Quote:
Originally Posted by doublem23
Not neccessarily as evidenced by the fact that there is almost no correlation between the amount of times a team strikes out and how well or poorly its offense performs. Frankly speaking, teams that hit for high power and have high strike outs almost always outscore teams that hit for low power with low strikeouts.
Except in the most dire of circumstances (trailing by a run in the 9th inning, for example) any play that results in an out is less desirable than one that doesn't, regardless if a run scores or not. Outs are the most precious commodity in baseball.
Observation with a bias. Any rudimentary numerical analysis of baseball CLEARLY reveals that what's important is that teams make outs more infrequently (i.e. have a high OBP) and not how they are made.

1) Teams that hit for average power with low strikeouts are preferable to teams that hit for average power with high strikeouts, which is a more applestoapples comparison. Hitting for average or high power is not mutually exclusive to averagetolow strikeout rates.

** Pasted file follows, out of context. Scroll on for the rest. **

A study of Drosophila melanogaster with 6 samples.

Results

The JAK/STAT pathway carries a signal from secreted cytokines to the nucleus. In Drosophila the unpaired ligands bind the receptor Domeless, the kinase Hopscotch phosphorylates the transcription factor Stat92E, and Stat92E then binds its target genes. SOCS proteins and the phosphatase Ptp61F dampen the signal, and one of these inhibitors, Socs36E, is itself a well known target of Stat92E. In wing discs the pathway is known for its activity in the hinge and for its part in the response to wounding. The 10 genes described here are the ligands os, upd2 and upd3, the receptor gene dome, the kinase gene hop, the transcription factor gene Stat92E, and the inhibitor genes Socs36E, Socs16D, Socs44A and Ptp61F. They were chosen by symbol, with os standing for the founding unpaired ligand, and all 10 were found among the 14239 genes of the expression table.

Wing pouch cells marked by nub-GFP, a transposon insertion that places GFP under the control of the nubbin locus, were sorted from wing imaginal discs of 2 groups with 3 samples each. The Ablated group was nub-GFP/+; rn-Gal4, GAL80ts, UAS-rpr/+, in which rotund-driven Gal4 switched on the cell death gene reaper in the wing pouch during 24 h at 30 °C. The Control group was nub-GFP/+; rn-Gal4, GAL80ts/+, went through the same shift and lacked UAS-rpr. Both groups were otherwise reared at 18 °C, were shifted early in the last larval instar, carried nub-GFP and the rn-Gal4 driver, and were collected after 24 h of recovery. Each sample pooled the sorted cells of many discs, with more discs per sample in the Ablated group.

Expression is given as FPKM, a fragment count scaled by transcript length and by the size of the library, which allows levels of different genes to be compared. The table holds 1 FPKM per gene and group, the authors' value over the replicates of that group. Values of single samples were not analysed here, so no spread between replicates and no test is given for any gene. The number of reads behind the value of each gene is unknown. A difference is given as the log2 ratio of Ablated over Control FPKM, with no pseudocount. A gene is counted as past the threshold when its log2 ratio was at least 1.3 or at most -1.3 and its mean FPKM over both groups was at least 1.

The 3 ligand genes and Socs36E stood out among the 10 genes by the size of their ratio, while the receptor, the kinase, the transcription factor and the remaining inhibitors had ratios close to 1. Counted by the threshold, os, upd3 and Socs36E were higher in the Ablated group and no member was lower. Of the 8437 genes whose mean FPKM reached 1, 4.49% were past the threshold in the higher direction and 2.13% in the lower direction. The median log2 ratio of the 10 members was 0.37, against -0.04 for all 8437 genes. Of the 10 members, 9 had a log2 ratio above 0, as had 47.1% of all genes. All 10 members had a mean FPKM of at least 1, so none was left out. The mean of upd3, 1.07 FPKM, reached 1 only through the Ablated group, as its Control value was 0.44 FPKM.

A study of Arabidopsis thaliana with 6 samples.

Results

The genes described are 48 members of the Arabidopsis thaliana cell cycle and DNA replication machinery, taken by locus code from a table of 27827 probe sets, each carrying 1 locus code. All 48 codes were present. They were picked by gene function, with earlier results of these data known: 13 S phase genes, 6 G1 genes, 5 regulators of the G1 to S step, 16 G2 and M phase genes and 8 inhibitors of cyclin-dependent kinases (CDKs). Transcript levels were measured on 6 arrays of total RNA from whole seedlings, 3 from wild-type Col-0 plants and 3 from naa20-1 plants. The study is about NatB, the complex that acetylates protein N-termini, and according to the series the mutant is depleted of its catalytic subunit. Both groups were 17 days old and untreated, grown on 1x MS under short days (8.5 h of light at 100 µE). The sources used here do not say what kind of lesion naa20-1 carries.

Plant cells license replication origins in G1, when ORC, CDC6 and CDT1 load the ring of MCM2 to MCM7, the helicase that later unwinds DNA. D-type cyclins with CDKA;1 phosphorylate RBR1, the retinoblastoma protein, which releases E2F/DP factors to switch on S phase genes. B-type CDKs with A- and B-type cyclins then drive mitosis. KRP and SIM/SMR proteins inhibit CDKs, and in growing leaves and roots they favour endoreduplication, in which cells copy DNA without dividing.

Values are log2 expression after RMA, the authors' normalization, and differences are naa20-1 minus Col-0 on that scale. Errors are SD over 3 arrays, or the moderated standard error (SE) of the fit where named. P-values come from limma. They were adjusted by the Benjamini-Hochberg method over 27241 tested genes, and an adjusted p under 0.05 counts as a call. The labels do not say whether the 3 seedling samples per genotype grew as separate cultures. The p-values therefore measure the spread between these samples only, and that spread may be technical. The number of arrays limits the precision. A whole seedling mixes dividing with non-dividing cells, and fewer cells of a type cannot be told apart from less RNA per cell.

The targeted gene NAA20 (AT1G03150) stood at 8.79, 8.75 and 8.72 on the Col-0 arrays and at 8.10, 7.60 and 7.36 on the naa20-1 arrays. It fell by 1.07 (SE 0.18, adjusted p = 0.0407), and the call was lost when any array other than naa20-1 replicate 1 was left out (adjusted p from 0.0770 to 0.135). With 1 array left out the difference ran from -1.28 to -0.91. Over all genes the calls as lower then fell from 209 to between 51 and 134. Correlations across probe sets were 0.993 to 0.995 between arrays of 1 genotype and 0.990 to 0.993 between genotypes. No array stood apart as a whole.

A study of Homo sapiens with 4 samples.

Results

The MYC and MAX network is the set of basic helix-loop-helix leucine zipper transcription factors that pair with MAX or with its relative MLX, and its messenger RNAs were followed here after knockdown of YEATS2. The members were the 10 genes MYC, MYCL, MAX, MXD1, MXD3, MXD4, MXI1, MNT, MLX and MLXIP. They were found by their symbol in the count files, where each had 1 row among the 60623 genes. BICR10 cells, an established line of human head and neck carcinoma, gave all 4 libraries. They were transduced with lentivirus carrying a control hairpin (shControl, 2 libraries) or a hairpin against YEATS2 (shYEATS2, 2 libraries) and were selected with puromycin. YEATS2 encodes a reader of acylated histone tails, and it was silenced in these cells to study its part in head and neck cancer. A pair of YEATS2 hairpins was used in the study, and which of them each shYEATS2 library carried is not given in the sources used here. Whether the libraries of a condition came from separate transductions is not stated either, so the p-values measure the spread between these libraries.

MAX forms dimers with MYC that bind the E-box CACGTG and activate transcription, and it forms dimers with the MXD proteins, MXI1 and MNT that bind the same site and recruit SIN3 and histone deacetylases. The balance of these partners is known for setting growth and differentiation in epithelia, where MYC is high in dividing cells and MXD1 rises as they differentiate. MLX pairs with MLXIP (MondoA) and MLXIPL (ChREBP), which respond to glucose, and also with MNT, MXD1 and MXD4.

2) That is absolutely not true. Trading an out for a run is always, always preferable to not making an out when a run does not score.
RUNS are the most precious commodity in baseball.
3) Making outs infrequently is not incompatible with low stikeout rates.
Team A: 6000 PAs, 1000 SOs.
Team B: 6000 PAs, 850 SOs.
Assume that the two teams played the same number of times in the same park against the same teams and faced the same pitchers. Except for runscoring outs and total runs, all other stats (Avg, hits, 2B, SB, HR, other teams' errors made, etc.) are the same. There is no statistical model that can be produced that will show that Team A outscored or even scored the same number of runs as Team B. Team B will have scored more runs and advanced more runners via an out or walk than Team A, resulting in more runs scored total, all else being equal.